ENFORCEMENT

OIG Work Plan Monthly Review: January 2018

Opioid drug-related issues continue to command the lion’s share of OIG Work Plan attention, including two of this month’s six new items. While none of the new initiatives directly affect labs or lab services, five may have an indirect impact on at least some lab providers.

1. State Use of Automated Child Welfare Information System to Monitor Psychotropic & Opioid Drugs to Kids in Foster Care

Concern: To receive federal funding for child welfare services, States must have a plan for oversight and coordination of health care services for any child in foster care placement, including protocols for appropriate use and monitoring of psychotropic and opioid drugs for treating ADHD, schizophrenia, depression, bipolar disorder, anxiety and other mental health disorders.

OIG Action: The OIG will review State child welfare agency use of SACWIS, the Statewide Automated Child Welfare Information System, for monitoring psychotropic, ADHD and opioid medications prescribed to kids in foster care and the extent to which the ACF, Administration for Children and Families (ACF), ensures that kids in foster care receive medication in accordance with State requirements.

2. OIG Toolkit to Identify Patients at Risk of Opioid Misuse

Concern: In a July 2017 data brief (Opioids in Medicare Part D: Concerns About Extreme Use and Questionable Prescribing (OEI-02-17-00250)), the OIG reported that in 2016, a half-million Medicare Part D beneficiaries received high amounts of opioids and nearly 90,000 of them were at serious risk of opioid misuse or overdose.

OIG Action: As a follow up to the data brief to help public and private sectors deal with the opioid epidemic, OIG will release a toolkit containing information about its analysis of a large dataset of opioid claims to produce patient-level opioid data and its calculation of Morphine Equivalent Dose (MED) levels for these patients.

3. Financial Impact of Health Risk Assessments & Chart Reviews on Medicare Advantage Risk Scores

Concern: Medicare Advantage (MA) organizations submit records of services provided to beneficiaries, including all diagnoses, during the previous year. CMS then uses this encounter data to adjust Medicare Part C monthly payments to ensure MA organizations get paid more for beneficiaries with higher expected costs. CMS also includes diagnoses from health risk assessments and chart reviews in calculating risk scores and risk-adjustment payments regardless of whether these diagnoses are supported by another service provided to the beneficiary during that year.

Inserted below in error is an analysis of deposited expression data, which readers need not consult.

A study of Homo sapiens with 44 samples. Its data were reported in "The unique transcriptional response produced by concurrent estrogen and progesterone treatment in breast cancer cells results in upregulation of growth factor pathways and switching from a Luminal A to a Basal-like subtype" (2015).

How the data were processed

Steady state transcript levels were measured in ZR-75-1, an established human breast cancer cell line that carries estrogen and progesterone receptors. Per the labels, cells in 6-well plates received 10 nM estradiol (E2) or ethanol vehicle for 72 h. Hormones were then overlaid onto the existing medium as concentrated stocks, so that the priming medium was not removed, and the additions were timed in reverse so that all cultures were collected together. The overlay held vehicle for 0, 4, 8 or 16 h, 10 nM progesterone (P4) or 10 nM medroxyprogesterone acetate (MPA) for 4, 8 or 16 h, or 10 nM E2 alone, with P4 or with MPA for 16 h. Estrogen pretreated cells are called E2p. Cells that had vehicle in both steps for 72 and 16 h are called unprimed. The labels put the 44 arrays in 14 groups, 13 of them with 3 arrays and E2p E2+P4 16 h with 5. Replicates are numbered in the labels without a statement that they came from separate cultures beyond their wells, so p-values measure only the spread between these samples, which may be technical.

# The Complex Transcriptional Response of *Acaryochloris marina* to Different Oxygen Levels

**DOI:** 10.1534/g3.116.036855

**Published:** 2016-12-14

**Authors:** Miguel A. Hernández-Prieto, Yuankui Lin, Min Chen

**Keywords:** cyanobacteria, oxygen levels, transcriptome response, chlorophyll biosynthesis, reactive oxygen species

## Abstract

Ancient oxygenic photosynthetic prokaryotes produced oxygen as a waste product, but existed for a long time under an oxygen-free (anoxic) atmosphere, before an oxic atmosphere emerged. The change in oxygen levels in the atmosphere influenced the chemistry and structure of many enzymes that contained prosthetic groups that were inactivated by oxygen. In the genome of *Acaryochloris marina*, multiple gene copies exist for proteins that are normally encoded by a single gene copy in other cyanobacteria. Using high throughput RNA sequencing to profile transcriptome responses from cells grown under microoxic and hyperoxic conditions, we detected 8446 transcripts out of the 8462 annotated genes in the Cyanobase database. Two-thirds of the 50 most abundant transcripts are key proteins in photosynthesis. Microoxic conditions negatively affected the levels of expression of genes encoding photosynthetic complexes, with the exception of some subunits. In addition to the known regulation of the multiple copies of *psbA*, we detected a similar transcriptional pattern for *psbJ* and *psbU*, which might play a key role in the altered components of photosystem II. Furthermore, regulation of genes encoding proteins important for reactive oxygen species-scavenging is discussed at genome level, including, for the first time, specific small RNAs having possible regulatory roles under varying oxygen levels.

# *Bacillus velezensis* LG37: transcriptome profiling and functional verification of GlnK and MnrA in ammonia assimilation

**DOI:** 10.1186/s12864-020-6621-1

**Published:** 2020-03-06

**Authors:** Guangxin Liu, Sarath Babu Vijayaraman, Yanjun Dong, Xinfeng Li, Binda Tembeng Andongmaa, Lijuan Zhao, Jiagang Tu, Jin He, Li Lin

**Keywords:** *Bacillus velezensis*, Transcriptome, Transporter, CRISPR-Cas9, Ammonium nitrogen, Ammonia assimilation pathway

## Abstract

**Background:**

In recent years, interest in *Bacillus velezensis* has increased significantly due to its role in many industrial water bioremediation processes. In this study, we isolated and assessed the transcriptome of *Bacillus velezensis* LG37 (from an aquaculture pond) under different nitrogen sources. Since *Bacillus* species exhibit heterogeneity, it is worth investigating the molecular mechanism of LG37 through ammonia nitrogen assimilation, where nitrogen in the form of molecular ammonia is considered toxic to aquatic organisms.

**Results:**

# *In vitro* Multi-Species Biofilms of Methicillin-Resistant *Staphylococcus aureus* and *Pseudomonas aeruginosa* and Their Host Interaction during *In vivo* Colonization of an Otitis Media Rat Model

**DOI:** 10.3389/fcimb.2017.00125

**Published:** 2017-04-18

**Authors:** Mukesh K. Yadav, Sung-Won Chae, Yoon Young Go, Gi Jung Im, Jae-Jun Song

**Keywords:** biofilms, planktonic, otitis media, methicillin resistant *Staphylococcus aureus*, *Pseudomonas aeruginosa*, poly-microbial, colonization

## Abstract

OIG Action: The OIG will do a study to determine the extent to which diagnoses solely generated by health risk assessments and chart reviews were associated with higher risk scores and higher MA payments, as well as the extent to which diagnoses removed by chart reviews were associated with lower risk scores and lower MA payments.

4. Potential Abuse & Neglect of Medicare Beneficiaries

Concern: Previous OIG reviews have found problems with the quality of care and the reporting and investigation of potential abuse or neglect of Medicare beneficiaries, including the disabled and elderly at group homes, nursing homes and skilled nursing facilities.

OIG Action: Based on analysis of treating medical facilities’ diagnoses, OIG will determine how widespread the potential abuse or neglect of Medicare beneficiaries is, as well as whether the potential abuse or neglect occurred at a medical facility or another location like the beneficiary’s home.

5. Questionable Billing for Off-the-Shelf Orthotic Devices

Concern: Since 2014, there’s been a 97% increase in claims for three off-the-shelf orthotic devices (L0648, L0650 and L1833) and a 116% increase in associated allowed charges. A Medicare Administrative Contractor (MAC) found that within its own jurisdiction improper payment rates were as high as 79% for L0648, 88% for L0650 and 91% for L1833. One of the MAC’s top concerns was lack of documentation of medical necessity in patients’ medical records.

OIG Action: OIG will study factors associated with questionable billing and billing trends for the three devices from 2014 to 2016 focusing on the extent to which Medicare beneficiaries were supplied the devices without an encounter with the referring physician within 12 months before their orthotic claim.